3 Quick Homesteading Kitchen Tips I Hill Country Homestead Texas
I'm no culinary queen, but we do spend a lot of time here doing things the old fashioned way. More so, we try to do things here on the homestead the way the Lord originally intended. This can be very lost in translation in our modern day in age, especially when it comes to our American diets. Peel away the layers of fast food and question yourself What Would Jesus Do when it comes to mealtime. These are a few practices I use in my kitchen that are a bit old fashioned and may add a task or two extra to the day. However, these habits help reduce food waste in the kitchen, make meal prepping a little easier with homemade ingredients already on hand, and help ensure wholesome ingredients are the significant elements of a meal.
Keep various kinds of dough In the fridge for use during the week. Specifically pastry dough ( pastry dough makes husbands and children happy). I make bread on the weekends to sent to a farm store during the week, and I usually set aside a few baked loaves for sandwiches and whatnot. I also try to set aside a little extra dough to use in a pinch during the week. Refrigeration slows down the dough rise time and will usually make it a full seven days. The colder, the better. When you have a scratch made buttery pastry dough ready to roll out for a pie, quiche or hot pockets in a moments notice, everyone day gets a little brighter.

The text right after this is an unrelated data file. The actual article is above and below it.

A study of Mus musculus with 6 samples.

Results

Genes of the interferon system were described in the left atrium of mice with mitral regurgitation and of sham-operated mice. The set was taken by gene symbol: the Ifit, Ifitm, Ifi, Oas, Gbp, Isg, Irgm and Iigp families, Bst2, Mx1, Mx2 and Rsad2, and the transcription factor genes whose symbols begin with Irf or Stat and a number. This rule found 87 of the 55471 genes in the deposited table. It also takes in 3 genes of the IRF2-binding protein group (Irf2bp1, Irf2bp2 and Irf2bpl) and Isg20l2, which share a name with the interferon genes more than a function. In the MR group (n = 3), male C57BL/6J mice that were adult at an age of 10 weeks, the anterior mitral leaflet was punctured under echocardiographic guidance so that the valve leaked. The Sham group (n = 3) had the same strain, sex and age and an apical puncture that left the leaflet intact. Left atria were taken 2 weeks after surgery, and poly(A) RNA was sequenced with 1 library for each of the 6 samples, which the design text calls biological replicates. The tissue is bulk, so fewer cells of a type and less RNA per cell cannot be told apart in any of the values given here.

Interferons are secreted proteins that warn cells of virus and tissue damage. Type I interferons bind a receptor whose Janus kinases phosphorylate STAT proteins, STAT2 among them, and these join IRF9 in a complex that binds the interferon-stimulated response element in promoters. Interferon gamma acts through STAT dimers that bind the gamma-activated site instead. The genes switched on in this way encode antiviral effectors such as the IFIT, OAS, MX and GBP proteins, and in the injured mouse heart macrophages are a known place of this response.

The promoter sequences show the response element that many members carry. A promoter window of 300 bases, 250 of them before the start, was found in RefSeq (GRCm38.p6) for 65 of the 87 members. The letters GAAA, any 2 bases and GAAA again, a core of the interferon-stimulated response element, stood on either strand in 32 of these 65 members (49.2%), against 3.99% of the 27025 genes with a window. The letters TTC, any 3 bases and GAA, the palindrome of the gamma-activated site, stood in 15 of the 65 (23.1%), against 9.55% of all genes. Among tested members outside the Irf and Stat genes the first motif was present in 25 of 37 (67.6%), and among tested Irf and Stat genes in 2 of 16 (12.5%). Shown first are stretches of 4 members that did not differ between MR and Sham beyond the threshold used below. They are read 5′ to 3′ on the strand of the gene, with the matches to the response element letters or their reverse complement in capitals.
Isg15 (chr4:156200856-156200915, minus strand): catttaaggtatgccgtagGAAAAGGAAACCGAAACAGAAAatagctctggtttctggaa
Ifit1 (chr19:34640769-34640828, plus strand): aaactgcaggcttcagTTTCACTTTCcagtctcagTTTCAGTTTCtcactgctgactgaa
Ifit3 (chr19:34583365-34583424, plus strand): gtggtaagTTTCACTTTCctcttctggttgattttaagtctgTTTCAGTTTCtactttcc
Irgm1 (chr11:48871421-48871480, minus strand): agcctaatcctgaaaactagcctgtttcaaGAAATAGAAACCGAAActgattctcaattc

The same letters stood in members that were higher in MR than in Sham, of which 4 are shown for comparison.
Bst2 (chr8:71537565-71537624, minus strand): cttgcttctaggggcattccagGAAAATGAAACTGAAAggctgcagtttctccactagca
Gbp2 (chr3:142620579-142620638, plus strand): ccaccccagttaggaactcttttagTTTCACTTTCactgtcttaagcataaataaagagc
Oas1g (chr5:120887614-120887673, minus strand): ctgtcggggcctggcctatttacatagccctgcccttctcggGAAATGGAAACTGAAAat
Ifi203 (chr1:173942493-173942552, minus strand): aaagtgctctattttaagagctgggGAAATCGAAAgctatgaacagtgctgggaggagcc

Keep a ziplock bag in the freezer for chicken bones and vegetable trimmings — specifically, onion skins which add a beautiful color and minerals to the broth. I wait until I have two chicken carcasses or a full gallon ziplock and throw it in the Instant Pot, cover with water and a splash of apple cider vinegar, and run it on the broth/soup setting two full cycles. No instant pot and no time, no problem. A quick 12-hour pot of bones simmering on the stove will still derive a healthy amount of vitamins, minerals, and collagen from the bones (especially if you add in skins).
Keep bone broth in the fridge made fresh, biweekly. Boil noodles in bone broth, add to sautéed vegetables, sauce base, use as soup starter, and various other flavor saving ways in the kitchen. Its nutritional benefits are so great it's worth the time it takes to make this staple every two weeks or so. It all comes down to the broth. Our ancestors knew the nutritional power of broth and making broth is a historical tradition and one that is being rediscovered in homes.
Bonus Tip: Feed The Softened bones to the dogs. Happy Homesteading!